Monasticism is a mode of life whereby people live in seclusion, take religious vows, and follow some fixed set of rules regulating how they spend their time. Men are known as monks and women are known as nuns. However much the details differ, the common goal of all moastic groups is to achieve greater spiritual purity through withdrawl away from the distractions of the material world.
One of the reasons monasticism developed as a large institution was because the relationship between church and society had been changing. After the death of Constantine and during the reign of Theodosius I, Christianity became more powerful and more fashionable - many people converted who did not have a very strong faith and their behavior was, in the eyes of traditionalists, very lax.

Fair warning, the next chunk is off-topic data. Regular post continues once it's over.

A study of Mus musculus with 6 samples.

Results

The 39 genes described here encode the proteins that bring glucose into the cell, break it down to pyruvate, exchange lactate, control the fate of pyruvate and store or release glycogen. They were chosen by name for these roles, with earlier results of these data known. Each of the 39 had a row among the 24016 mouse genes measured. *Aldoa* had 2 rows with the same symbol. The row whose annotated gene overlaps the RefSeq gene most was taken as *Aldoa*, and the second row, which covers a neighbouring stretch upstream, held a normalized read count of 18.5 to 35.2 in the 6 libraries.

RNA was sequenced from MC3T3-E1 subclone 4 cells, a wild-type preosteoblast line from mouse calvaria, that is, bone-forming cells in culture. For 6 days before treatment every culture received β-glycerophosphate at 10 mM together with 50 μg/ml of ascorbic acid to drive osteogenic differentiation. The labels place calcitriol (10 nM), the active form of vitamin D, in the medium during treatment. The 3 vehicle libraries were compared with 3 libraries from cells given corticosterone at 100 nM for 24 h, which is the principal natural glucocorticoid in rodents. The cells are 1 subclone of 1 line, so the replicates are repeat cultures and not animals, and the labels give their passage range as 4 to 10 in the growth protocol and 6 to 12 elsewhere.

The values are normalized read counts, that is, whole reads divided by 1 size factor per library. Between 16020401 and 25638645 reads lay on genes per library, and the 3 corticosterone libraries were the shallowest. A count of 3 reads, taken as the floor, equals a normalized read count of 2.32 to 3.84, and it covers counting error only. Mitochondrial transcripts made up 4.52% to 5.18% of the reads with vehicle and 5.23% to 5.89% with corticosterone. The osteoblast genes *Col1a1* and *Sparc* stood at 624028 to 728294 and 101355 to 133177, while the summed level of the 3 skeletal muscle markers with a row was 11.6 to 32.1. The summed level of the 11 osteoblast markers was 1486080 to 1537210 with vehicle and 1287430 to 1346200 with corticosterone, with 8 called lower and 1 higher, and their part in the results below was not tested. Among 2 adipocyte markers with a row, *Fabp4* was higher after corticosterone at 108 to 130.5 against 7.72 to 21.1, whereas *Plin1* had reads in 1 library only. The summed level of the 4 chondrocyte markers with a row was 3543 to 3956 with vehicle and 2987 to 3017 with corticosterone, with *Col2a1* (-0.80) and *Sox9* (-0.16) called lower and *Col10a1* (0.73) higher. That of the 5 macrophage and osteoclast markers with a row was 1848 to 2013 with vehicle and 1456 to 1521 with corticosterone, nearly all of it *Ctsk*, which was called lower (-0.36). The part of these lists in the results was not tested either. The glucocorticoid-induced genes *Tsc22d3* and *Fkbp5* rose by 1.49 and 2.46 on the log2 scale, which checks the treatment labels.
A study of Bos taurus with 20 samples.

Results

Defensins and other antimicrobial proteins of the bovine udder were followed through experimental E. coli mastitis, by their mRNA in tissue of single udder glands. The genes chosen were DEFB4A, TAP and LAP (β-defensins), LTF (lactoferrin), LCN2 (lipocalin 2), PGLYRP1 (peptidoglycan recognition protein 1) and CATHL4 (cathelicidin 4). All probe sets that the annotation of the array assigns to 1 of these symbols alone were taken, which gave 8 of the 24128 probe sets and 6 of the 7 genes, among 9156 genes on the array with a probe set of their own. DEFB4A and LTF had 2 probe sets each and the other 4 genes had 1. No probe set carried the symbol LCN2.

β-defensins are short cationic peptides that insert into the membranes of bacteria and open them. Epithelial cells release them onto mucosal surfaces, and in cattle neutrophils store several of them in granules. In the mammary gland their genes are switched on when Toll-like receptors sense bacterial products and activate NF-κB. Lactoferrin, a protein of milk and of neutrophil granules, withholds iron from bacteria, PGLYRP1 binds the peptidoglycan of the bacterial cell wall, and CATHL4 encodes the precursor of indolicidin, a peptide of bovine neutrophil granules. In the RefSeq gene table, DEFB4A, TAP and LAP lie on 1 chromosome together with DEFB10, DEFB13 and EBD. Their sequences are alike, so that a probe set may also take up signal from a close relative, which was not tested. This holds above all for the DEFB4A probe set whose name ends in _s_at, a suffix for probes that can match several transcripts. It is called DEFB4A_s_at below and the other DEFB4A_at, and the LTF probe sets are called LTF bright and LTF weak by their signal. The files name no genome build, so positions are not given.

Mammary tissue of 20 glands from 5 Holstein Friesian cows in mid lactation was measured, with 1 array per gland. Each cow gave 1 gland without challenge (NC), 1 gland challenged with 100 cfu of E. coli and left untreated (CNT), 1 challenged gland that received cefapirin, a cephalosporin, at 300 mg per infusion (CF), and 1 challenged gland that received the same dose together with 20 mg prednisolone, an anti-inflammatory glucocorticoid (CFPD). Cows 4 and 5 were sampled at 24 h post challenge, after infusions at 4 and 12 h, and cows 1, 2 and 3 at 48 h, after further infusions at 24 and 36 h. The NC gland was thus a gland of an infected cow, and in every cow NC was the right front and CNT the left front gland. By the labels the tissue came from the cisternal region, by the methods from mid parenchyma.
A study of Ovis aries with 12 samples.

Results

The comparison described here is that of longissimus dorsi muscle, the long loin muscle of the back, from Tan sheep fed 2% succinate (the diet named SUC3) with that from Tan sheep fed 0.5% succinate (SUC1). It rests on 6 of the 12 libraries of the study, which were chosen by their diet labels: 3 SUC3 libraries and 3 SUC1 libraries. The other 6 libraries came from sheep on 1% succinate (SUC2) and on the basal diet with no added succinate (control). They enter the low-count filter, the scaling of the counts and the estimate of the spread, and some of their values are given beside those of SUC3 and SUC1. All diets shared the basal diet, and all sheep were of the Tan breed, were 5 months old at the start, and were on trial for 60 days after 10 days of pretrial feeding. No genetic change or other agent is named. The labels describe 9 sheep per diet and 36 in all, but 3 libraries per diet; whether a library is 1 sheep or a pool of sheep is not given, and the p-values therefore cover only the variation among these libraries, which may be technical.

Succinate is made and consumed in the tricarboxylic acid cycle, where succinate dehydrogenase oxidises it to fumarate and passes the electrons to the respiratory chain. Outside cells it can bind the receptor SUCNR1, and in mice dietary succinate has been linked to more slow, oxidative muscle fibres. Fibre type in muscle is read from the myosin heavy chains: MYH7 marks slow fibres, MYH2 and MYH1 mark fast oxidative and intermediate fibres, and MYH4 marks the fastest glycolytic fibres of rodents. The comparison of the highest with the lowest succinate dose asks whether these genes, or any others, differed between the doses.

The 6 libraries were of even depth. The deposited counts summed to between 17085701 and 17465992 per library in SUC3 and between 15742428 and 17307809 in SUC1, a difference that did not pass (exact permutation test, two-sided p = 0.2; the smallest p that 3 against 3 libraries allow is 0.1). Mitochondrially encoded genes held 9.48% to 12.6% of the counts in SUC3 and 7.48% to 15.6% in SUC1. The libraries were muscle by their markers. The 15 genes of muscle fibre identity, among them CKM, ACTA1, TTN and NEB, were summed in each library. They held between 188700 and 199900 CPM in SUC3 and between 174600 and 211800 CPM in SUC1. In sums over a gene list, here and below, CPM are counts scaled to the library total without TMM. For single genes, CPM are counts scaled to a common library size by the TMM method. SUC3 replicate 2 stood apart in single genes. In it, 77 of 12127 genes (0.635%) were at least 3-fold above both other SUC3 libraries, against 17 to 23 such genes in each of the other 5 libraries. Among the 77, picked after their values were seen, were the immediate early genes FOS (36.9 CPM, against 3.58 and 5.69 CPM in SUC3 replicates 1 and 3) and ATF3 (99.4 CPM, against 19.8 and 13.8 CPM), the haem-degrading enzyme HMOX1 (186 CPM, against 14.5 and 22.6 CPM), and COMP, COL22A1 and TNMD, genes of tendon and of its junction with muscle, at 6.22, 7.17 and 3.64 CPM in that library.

Because not everyone was happy with these changes, some wished to follow the Christian path without being bothered by the distractions and immorality of general society and "fashionable" Christians. Those who lived such a life became monks and nuns. It is unknown who began the monastic movement in Christianity, but Anthony of Egypt (c. 251 - 356) is generally regarded as the father of monasticism because he created a regulated plan for those living in such an environment. Pachomius (c. 290 - 346) was another important figure who founded a monastery at Tabennisi, and this inspired the founding of several other monasteries. He created a rule of living which inspired the rules of Benedict and Basil.
Although most people never entered monastic commnunities, monasteries and the principles behind monasticism nevertheless had a strong influence on the development of Christianity through the centuries. It became common for people to take time to enter "retreats," perhaps for a weekend or even for longer, where they could reflect upon God and their faith without the distractions created by the rest of society. The celibacy of monks and nuns became a model which many tried to impose upon other clergy, although it took a long time for this to be successful.